Prince Andrew will be tried over allegations he sexually assaulted Virginia Giuffre when she was underage after a US judge ruled her civil lawsuit can proceed.
Judge Lewis Kaplan’s decision is a huge blow for Andrew, whose lawyer argued earlier this month the case should be thrown out as Giuffre had waived her right to pursue the duke by signing a confidential settlement with disgraced financier Jeffrey Epstein.
In the conclusion of his written ruling, Judge Kaplan said: “For the foregoing reasons, defendant’s motion to dismiss the complaint or for a more definite statement is denied in all respects.
“Given the court’s limited task of ruling on this motion, nothing in this opinion or previously in these proceedings properly may be construed as indicating a view with respect to the truth of the charges or countercharges or as to the intention of the parties in entering into the 2009 Agreement.”
Giuffre’s civil sex case will be heard in New York and is expected to make headlines across the globe.
The Queen of England’s son’s reputation has already been irreparably tarnished by his friendship with Jeffrey Epstein, a convicted sex offender, and he withdrew from public duties soon after his disastrous 2019 Newsnight interview that failed to draw a line under his relationship with the disgraced financier.
Virginia Giuffre issued the queen’s son for allegedly sexually assaulting her when she was a teenager. She is seeking unspecified damages, but there is speculation the sum could be in the millions of dollars.
Giuffre claims she was trafficked by Epstein to have sex with Andrew when she was aged 17 and a minor under US law.
The duke has vehemently denied the allegations and his legal team has argued from the lawsuit’s first hearing that the case is “baseless”.
There has already been speculation the duke may be encouraged to reach an agreement with his accuser in a bid to avoid the trial being held.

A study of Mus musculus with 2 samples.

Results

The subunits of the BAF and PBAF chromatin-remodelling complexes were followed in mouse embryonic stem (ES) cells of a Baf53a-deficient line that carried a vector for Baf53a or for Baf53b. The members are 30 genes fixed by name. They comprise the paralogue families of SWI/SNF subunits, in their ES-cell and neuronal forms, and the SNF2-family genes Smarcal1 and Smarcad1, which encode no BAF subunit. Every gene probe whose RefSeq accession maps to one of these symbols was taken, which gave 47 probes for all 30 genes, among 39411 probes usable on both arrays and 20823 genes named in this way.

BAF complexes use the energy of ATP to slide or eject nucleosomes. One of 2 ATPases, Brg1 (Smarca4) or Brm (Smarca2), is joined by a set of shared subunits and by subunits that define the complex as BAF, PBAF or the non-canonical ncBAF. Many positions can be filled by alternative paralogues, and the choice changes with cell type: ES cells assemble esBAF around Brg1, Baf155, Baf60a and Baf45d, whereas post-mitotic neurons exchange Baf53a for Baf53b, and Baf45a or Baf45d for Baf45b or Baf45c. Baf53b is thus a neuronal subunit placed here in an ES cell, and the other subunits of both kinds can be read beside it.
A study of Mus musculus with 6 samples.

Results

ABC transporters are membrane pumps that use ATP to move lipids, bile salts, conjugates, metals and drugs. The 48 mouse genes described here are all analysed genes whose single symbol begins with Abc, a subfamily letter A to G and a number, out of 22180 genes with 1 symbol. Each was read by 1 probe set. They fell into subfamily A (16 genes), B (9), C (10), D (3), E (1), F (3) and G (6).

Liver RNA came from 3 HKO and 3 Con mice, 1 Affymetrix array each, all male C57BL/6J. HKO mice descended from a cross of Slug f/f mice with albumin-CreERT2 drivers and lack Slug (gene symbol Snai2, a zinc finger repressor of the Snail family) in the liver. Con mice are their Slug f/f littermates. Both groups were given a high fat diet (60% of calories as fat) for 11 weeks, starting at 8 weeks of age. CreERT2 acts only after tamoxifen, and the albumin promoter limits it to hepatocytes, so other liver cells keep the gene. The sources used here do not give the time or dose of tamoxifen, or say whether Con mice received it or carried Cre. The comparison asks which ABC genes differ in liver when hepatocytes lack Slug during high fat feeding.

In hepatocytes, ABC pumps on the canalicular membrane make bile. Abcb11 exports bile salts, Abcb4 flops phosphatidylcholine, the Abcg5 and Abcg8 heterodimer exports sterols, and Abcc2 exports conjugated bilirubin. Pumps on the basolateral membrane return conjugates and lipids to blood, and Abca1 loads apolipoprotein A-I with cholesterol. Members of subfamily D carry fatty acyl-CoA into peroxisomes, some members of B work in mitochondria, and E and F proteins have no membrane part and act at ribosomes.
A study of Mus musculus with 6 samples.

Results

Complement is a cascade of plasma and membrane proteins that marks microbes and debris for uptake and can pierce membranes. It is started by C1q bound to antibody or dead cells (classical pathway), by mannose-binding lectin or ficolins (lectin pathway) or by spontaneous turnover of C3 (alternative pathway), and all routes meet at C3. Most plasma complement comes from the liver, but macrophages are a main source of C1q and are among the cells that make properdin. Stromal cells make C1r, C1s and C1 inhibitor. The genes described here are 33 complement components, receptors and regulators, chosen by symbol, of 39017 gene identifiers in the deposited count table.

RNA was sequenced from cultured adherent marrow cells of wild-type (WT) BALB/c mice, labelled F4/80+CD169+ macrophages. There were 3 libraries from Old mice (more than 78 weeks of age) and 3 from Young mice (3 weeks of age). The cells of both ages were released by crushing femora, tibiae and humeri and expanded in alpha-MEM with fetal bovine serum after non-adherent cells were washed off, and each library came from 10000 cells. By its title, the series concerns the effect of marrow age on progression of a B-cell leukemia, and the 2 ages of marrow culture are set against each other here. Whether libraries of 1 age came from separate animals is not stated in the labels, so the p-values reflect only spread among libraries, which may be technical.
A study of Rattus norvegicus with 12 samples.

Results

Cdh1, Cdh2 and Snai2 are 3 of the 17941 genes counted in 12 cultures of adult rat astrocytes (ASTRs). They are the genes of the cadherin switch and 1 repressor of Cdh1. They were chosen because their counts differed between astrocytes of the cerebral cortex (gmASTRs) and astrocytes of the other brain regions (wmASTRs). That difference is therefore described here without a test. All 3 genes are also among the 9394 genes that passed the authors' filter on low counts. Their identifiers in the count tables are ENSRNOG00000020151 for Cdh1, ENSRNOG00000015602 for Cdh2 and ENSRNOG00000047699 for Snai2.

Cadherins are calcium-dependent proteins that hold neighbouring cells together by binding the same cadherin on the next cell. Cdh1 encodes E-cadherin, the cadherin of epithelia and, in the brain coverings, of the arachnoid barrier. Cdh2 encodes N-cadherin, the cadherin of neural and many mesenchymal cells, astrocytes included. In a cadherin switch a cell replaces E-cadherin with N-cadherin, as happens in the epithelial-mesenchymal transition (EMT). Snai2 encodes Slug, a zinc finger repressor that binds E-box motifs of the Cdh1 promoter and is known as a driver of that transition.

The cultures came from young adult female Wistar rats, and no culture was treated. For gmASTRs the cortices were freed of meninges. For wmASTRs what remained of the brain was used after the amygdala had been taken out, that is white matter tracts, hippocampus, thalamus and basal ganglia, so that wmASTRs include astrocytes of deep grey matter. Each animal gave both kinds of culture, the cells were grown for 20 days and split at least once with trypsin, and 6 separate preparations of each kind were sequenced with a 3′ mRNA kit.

If the hearing does go ahead it is not clear whether Prince Andrew will give evidence in person, via a video link or decline to participate.
The settlement between Giuffre and Epstein, made public earlier this month, detailed how Andrew’s accuser had received a €438,000 payout in 2009 and agreed to “release, acquit, satisfy, and forever discharge” the disgraced financier and “any other person or entity who could have been included as a potential defendant”.
Prince Andrew accuser Virginia Giuffre’s court settlement with Jeffrey Epstein made public
The duke’s lawyer had argued during a virtual hearing that his client was a “potential defendant” as defined by the agreement and so the case “should be dismissed”.
Outlining his reasons for denying the Duke of York’s motion to dismiss the civil case against him, Judge Lewis Kaplan said an agreement in the civil settlement between Jeffrey Epstein and Virginia Giuffre “cannot be said” to benefit him.
In his ruling, he said: “The 2009 agreement cannot be said to demonstrate, clearly and unambiguously, the parties intended the instrument ‘directly,’ ‘primarily,’ or ‘substantially,’ to benefit Prince Andrew.
The existence of the requisite intent to benefit him, or others comparable to him, is an issue of fact that could not properly be decided on this motion even if the defendant fell within the releasing language, which itself is ambiguous.
Thus, independent of whether the release language applies to Prince Andrew, the agreement, at a minimum, is ‘reasonably susceptible to more than one interpretation on the equally important question of whether this defendant may invoke it.”
Continuing his judgment, Judge Lewis Kaplan continued: “The fact that the defendant has brought the matter before the court on a motion to dismiss the complaint as legally insufficient is of central importance.
“As is well known to lawyers, but perhaps not known to the lay public, the defendant, by making this motion, placed upon the court the unyielding duty to assume, for the purposes of this motion only, the truth of all of the plaintiff’s allegations and to draw in plaintiff’s favour all inferences that reasonably may be drawn from those allegations.
In consequence, the law prohibits the Court from considering at this stage of the proceedings defendant’s efforts to cast doubt on the truth of Ms Giuffre’s allegations, even though his efforts would be permissible at trial.
In a similar vein and for similar reasons, it is not open to the Court now to decide, as a matter of fact, just what the parties to the release in the 2009 settlement agreement signed by Ms Giuffre and Jeffrey Epstein actually meant.”